What is Cluttering?
Cluttering is a fluency disorder characterized by a rate that is perceived to be abnormally rapid, irregular, or both. It involves a difficulty with the timing, motor coordination and language planning aspects of speech. It also includes at least one, but possibly more of the following characteristics:
1) an excessive number of typical (non-stuttered) dysfluencies. Typical dysfluencies include single words used as fillers such as um, uh, and, like, repetition of phrases and sentences, re-starting a sentence or a thought.
2) Excessive collapsing, telescoping, co-articulating, or deleting of syllables. Collapsing syllables means reducing the number of syllables that are present in a word; telescoping is the collapsing or deletion of syllables as a consequence of a too high speech rate; co-articulating refers to changing the articulation of a speech sound due to its proximity to another speech sound (becoming more like that speech sound in some way); deleting syllables refers to the dropping of a syllable altogether.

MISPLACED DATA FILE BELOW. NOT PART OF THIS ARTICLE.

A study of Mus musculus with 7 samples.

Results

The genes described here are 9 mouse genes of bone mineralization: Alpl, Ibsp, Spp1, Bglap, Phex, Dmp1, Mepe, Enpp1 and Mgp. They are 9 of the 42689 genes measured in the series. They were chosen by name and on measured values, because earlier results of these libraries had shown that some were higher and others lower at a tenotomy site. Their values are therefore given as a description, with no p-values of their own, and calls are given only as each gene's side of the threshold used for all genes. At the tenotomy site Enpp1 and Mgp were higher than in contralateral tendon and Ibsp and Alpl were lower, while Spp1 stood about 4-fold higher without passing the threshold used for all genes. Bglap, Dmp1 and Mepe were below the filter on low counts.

3) Abnormal pausing, syllable stress, or speech rhythm.
Helpful Cluttering Websites
Too Fast for Words: Information about cluttering, how it is different from stuttering, and treatment options.
International Cluttering Association: Website for the International Cluttering Association, an organization that provides information and training for people who clutter, and professionals who work with people who clutter.
The Stuttering Foundation-Cluttering Information: Basic information about cluttering.